With a new mid-engine Corvette on the way, Chevrolet may doing some stealth marketing as they prepare for the most radical redesign in Corvette’s 65+ year history.
Although the Corvette C7.Rs didn’t race last weekend at Detroit’s Belle Isle, that doesn’t mean that Corvette fans weren’t there either. The IMSA race did have a Corvette corral and many of the area clubs caravaned to watch the action along the temporary street circuit.
We also learned that Chevrolet brought out several historic Corvette prototypes and concepts from the GM Heritage Center for the Detroit Grand Prix at Belle Isle. Positioned around the great white fountain, were three mid-engine Corvette prototypes, the Aerovette, the Reynolds concept and the Corvette Indy concept. Also on display was the ultra cool 1959 Corvette Stingray Racer.
Youtuber DtRockstar1 captured the Aerovette and Reynolds mid-engine prototypes on video and we get to check them out as they are running, along with the demonstration of several features including the interior, engine compartments, and cargo storage.
The Aerovette was designed in 1973 by Bill Mitchell and his design team as a showcase for GM’s rotary engines. Under the sloping rear glass was an experimental four-rotor engine. The almond-shaped prototype was fitted with bi-fold gullwing doors and was sterling silver with silver leather interior. After GM ended the rotary engine program, the Aerovette was fitted with a small-block Chevy V8.
The Reynolds concept (XP-895) was constructed in 1972 as one of a series of experimental Corvettes designed for testing alternative engine layouts as well as the use of aluminum in car manufacturing. The names comes from the car’s joint development program with Reynolds Aluminum. The Reynolds Concept has a 400 ci Chevy small block V8 mounted transversely behind the driver.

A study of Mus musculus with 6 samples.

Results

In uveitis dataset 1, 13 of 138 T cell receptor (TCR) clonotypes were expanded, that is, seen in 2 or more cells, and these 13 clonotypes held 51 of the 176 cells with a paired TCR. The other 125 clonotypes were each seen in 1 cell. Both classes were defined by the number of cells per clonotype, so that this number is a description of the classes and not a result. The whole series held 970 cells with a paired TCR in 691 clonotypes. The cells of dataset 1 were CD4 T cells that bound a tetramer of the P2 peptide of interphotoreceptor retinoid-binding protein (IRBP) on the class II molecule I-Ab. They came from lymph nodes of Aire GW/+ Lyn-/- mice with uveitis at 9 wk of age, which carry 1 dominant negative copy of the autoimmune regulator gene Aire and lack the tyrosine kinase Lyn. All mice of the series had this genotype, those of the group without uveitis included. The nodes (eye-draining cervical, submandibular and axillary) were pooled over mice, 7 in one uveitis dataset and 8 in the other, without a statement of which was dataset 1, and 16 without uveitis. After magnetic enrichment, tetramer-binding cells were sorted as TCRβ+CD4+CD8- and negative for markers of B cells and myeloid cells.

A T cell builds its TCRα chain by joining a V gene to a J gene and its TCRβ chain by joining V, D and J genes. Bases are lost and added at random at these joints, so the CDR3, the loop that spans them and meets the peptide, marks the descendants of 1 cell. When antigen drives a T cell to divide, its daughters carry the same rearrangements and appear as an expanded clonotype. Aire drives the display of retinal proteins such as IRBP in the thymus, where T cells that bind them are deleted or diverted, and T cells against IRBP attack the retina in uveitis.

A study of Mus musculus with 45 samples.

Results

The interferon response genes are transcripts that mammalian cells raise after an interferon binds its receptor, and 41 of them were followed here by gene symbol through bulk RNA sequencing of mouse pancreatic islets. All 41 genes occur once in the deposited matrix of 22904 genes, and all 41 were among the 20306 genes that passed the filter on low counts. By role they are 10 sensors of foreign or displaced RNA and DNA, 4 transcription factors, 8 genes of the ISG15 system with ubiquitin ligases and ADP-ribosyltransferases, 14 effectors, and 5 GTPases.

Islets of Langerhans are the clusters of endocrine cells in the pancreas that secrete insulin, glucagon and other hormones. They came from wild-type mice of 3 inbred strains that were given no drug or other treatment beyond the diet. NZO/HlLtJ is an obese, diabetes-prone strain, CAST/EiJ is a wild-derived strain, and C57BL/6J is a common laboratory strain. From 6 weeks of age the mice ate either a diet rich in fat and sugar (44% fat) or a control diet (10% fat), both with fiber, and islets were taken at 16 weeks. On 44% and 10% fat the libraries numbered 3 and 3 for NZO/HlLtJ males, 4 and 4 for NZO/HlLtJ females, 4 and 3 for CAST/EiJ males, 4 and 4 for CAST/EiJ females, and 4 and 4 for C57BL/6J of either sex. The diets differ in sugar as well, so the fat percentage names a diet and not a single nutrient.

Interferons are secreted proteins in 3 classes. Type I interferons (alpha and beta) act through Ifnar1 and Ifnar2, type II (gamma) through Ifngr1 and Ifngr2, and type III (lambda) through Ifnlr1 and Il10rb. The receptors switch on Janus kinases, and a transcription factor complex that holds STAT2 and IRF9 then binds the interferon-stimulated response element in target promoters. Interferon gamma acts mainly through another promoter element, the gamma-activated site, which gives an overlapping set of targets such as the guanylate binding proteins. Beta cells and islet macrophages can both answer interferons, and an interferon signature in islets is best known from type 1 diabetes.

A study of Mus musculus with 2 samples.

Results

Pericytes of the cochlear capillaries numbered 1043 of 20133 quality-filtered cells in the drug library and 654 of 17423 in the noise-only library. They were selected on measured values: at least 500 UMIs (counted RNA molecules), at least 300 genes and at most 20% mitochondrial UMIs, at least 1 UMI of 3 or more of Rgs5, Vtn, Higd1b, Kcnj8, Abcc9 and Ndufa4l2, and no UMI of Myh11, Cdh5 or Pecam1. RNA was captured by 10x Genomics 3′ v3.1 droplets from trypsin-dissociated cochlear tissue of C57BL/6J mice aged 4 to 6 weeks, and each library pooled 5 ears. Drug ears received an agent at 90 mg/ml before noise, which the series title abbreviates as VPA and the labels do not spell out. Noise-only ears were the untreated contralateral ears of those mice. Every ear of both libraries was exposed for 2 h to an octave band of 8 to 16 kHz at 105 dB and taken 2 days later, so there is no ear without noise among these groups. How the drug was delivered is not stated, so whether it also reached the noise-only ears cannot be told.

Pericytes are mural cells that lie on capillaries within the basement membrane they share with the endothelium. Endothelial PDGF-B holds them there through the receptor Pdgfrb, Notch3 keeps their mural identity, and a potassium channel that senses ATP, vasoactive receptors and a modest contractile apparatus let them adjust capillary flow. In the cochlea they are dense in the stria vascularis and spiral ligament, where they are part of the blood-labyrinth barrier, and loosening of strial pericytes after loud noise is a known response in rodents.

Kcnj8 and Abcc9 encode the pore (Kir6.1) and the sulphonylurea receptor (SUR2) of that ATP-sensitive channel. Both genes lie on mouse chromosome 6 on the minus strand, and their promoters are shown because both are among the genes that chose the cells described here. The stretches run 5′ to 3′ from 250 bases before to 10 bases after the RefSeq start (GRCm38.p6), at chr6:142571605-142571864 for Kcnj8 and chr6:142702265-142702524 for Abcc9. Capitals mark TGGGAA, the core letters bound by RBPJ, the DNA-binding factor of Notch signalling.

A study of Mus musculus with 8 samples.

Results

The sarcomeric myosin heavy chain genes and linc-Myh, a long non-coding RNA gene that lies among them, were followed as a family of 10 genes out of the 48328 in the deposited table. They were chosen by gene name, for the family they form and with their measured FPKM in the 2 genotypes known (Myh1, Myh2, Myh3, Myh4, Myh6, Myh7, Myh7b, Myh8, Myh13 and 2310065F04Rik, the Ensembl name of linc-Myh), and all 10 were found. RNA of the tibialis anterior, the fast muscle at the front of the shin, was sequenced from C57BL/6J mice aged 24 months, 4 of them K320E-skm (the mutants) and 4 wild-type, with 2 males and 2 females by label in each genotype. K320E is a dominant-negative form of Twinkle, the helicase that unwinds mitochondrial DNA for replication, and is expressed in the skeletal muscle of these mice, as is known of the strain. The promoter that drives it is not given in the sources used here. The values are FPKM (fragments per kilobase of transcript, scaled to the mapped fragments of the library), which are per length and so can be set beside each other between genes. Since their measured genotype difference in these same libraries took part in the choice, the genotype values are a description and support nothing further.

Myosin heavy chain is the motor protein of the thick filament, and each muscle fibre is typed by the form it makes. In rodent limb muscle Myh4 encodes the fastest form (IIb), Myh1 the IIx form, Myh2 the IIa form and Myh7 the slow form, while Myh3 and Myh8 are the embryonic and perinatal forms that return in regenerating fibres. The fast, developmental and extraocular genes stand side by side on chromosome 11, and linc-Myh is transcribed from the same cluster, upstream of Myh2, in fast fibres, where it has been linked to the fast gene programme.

The 1959 Corvette Stingray Racer campaigned in SCCA racing in 1959 and 1960 at the personal expense of GM Design Chief Bill Mitchell with the Flying Dentist, Dr. Dick Thompson doing much of the driving. Following its life on track, the car returned to Detroit where it was freshened up and Mitchell would occasionally be seen behind the wheel.
A radically new Corvette is coming and Corvette enthusiasts can be downright intransigent when it comes to embracing new designs. Remember the controversies about the C6 Corvette utilizing fixed headlights or that the C7 taillights weren’t round so it’s not a real Corvette? With the display of these historic prototypes, Chevrolet could be utilizing them as a way to bridge the gap from the front engine design as well as remind their core customers that such a radical change was even envisioned by the likes of Zora Arkus-Duntov and Bill Mitchell.
Or, it could just a group of really cool old cars hanging out together at the races.